Security Market Line - SML


The security market line (SML) is a line that graphs the systematic, or market, risk versus return of the whole market at a certain time and shows all risky marketable securities.

Also referred to as the "characteristic line."

The SML essentially graphs the results from the capital asset pricing model (CAPM) formula. The x-axis represents the risk (beta), and the y-axis represents the expected return. The market risk premium is determined from the slope of the SML.

BREAKING DOWN 'Security Market Line - SML'

The security market line is a useful tool in determining whether an asset being considered for a portfolio offers a reasonable expected return for risk. Individual securities are plotted on the SML graph. If the security's risk versus expected return is plotted above the SML, it is undervalued because the investor can expect a greater return for the inherent risk. A security plotted below the SML is overvalued because the investor would be accepting less return for the amount of risk assumed.

The SML demonstrates a linear relationship between anticipated asset returns as betas, as suggested by the capital asset pricing model (CAPM). A beta is a measure of the risk associated with a particular security as it relates to the market. A beta of one is considered to be market average, while a beta of 1.5 would represent a risk of one and a half times the market average. Betas are said to represent systematic risk which is considered undiversifiable.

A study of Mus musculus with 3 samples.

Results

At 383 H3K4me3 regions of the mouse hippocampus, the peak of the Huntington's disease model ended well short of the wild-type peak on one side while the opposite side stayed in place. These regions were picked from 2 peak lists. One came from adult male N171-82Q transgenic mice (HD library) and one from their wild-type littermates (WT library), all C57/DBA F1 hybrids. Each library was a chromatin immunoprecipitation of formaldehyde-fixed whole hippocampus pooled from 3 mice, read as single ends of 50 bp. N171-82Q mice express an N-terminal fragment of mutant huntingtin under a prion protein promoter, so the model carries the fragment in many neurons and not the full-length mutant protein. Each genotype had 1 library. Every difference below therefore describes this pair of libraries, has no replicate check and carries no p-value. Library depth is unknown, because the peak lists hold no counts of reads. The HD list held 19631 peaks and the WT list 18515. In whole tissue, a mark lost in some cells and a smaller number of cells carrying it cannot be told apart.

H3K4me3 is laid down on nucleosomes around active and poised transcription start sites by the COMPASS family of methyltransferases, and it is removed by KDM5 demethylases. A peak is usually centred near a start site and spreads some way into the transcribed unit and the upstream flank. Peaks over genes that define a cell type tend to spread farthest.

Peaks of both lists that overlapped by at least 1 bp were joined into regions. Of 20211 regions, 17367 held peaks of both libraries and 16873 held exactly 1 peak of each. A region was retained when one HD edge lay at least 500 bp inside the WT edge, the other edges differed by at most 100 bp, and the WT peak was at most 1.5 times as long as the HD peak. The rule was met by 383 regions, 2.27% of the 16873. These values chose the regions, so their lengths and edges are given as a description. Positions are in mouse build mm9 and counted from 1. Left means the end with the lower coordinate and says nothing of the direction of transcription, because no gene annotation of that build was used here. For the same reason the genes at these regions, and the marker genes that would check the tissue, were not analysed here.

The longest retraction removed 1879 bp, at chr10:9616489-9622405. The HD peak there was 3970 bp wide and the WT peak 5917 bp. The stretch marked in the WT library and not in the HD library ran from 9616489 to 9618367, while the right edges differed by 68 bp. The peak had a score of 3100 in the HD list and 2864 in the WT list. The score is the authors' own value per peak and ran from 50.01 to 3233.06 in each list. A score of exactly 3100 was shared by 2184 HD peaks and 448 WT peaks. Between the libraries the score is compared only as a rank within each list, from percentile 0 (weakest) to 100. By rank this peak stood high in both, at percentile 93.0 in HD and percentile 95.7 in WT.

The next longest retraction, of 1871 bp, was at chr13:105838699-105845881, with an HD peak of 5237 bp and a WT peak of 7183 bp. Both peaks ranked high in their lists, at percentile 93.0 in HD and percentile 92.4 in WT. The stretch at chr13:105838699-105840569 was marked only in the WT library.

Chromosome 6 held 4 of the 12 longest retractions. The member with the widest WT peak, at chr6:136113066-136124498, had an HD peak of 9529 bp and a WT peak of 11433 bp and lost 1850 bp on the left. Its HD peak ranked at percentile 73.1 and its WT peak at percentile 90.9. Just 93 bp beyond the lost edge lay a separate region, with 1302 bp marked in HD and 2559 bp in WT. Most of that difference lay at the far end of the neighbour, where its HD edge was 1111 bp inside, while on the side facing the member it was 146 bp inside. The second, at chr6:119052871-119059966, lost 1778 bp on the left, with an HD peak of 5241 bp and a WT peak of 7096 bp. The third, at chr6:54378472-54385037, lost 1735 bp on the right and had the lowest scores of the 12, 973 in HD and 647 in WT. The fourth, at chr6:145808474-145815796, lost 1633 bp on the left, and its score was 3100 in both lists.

The SML and Risk

The SML provides a way to compare the riskiness of a particular stock as compared to the overall market performance and is defined by the CAPM. The SML low point correlates to items considered zero risk, such as guaranteed bonds. The midpoint represents the current market performance average. The highest point denotes the highest risk.

The SML and Trade Decision Analysis

The SML provides a way for investors to determine if the amount of potential reward, based on anticipated returns, corresponds with the amount of risk involved with the particular security. In general, the higher the risk, the higher investors want the potential for returns to be, based on an assumed linear relationship between the two concepts.

When deciding between multiple securities with the same expected return, an investor may choose the one with the lowest risk necessary to achieve that return. If all risk is considered the equal, the choice would be based on which security provided the highest return.